Leonore Overture

collects the music and arts criticism of Keith Powers

Kylwyria: instrumentation as unusual as their name. From Chamber Music America

Kylwyria: pianist Julia Den Boer, hornist John Gattis and violinist Erica Dicker.

Kylwyria: pianist Julia Den Boer, hornist John Gattis and violinist Erica Dicker.

There’s joy in Kylwyria.

Not necessarily in György Ligeti’s Kylwyria, the imaginary land the composer fabricated in his childhood—complete with detailed maps, a language, legal and social systems.

But certainly for New York City’s Kylwyria, the trio that includes violinist Erica Dicker, hornist John Gattis, and pianist Julia Den Boer. Joy in performing. Joy in commissioning. Joy in exploring their instruments.

“We love and admire one another,” Dicker says. “We love working together. And we love how our instruments interact.”

Formed in 2016, Kylwyria met in a casual way that belies their drive to explore. “John is the one who brought us together,” Dicker says. “He and Julia met at Stony Brook”—where they both finished DMA degrees—“and John and I met through New York City gigs.

“We are particularly interested in the peculiarities of our instruments, and the extended techniques,” she says. “We’d like to create an incarnation of the horn trio for the 21st century.”

The trio not only takes its exotic name from Ligeti’s imagination, but the Hungarian composer’s 1982 “Trio for Violin, Horn and Piano”—a seminal piece in Ligeti’s compositional life—also serves as a starting point in time for the group’s repertory.

Everything Kylwyria performs is just as exploratory as Ligeti’s music. Luciano Leite Barbosa wrote the group’s first commission, “Line over a Blue Background.” Kylwyria regularly performs Hans Abrahamsen’s “Six Pieces” from 1984 as well. Works written for the group by Viola Yip and Eric Wubbel mix in with new compositions by other living composers like Hannah Lash, Zosha Di Castri, and Vivian Fung. Dicker has also contributed to the group’s repertory.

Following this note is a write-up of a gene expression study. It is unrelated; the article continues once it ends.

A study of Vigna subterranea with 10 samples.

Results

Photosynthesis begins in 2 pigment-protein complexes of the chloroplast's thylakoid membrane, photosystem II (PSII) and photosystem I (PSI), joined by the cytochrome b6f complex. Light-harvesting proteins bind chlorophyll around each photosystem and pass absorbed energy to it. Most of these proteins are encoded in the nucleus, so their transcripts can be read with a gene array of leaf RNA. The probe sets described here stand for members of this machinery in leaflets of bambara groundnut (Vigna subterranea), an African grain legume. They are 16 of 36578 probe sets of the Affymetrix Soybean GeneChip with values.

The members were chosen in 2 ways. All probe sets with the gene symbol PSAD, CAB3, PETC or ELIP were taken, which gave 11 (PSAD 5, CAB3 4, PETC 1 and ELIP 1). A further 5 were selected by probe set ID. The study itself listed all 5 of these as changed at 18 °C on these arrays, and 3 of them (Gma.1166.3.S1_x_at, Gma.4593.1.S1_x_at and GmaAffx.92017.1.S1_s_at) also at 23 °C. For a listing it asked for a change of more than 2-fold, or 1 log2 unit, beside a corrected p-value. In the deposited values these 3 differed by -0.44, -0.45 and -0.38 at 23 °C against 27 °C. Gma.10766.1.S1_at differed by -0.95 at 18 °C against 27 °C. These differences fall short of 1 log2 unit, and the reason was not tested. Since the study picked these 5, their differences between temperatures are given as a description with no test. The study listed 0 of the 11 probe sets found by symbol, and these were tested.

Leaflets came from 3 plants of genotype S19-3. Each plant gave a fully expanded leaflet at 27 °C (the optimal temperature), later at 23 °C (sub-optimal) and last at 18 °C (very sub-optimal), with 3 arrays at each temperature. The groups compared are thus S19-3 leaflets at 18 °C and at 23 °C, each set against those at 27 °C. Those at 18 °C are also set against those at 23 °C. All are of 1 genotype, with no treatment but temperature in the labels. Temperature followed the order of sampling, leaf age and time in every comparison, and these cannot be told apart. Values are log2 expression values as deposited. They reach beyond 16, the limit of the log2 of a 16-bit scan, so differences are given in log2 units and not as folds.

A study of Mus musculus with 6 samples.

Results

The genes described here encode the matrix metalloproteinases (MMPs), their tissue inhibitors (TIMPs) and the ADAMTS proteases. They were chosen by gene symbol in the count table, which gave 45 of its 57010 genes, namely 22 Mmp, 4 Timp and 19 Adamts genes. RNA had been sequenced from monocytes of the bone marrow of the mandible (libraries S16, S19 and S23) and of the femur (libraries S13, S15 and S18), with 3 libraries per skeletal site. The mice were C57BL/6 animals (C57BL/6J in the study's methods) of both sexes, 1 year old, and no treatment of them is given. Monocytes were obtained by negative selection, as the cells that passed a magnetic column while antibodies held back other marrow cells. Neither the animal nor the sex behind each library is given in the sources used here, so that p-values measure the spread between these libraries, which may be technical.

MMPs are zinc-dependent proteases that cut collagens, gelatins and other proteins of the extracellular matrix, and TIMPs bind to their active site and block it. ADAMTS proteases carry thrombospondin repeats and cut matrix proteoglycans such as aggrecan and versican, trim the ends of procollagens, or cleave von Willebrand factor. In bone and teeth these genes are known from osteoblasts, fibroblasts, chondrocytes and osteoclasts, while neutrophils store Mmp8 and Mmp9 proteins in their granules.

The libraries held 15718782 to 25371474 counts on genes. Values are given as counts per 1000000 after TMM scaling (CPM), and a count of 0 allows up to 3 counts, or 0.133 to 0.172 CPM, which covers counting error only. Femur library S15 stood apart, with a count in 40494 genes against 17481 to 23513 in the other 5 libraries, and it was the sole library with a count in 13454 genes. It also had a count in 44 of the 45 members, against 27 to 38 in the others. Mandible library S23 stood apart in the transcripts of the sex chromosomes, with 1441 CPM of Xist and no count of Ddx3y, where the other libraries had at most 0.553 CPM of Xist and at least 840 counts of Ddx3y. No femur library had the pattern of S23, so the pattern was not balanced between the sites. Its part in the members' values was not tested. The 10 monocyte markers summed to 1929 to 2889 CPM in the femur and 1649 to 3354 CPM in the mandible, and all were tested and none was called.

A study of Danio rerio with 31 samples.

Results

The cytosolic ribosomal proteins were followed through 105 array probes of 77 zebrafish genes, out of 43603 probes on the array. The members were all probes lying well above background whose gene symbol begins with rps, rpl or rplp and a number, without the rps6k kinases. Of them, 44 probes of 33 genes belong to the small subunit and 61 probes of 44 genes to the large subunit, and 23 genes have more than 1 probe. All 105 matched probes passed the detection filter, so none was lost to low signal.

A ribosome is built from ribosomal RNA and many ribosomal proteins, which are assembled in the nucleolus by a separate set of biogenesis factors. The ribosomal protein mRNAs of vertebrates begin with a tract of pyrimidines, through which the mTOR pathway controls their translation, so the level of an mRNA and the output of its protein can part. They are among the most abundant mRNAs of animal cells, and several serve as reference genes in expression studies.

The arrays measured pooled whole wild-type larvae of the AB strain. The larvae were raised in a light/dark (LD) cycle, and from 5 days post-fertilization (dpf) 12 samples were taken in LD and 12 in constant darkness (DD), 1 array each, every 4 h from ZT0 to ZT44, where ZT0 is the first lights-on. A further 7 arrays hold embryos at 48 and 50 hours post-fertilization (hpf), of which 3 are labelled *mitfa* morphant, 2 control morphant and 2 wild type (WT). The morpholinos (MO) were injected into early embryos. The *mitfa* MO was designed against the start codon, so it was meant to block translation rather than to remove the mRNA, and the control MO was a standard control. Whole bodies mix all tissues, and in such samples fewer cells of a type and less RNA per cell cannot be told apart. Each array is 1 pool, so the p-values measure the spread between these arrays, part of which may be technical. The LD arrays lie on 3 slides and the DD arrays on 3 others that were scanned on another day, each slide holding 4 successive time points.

Kylwyria is not the first trio with this instrumentation, but the sonic differences of horn, piano and strings are still contrasting enough to present challenges. Fortunately there are composers who are up for those challenges, and Kylwyria commissions constantly, trying to build a more robust repertory for their instrumentation.

“A lot of composers find this a difficulty, integrating how our sounds interact,” she says. “The violin and piano and horn just sound in different ways.” 

Kylwyria is still building its network, performing in New York and pursuing affiliations where they present themselves. “We’re a young group,” Dicker says. “But we’ve worked with some really tremendous composers. We hope to become even more active, especially with universities and composition departments.” 

This summer’s residency at Vermont College of Fine Arts will offer a chance for more commission possibilities, and Kylwyria also travels to Avaloch Farm Music Institute in New Hampshire this September as well to workshop a new Wubbels piece. A major presentation of original compositions, “Written for Kylwyria,” takes place in New York City’s National Opera Center this fall.

“We think that chamber music with horn is a really wonderful thing,” Dicker says, “and not just with wind and brass quintets. We love the way our instruments interact, and we’re looking forward to the future.

“Getting to collaborate with composers seems like a natural extension of the joy we get from chamber music,” she says. “Playing chamber music is one of the most rewarding music experiences, and we think you have to create those opportunities yourself.”

Keith Powers covers music and the arts for GateHouse Media and WBUR’s ARTery. Follow @PowersKeith; email to keithmichaelpowers@gmail.com.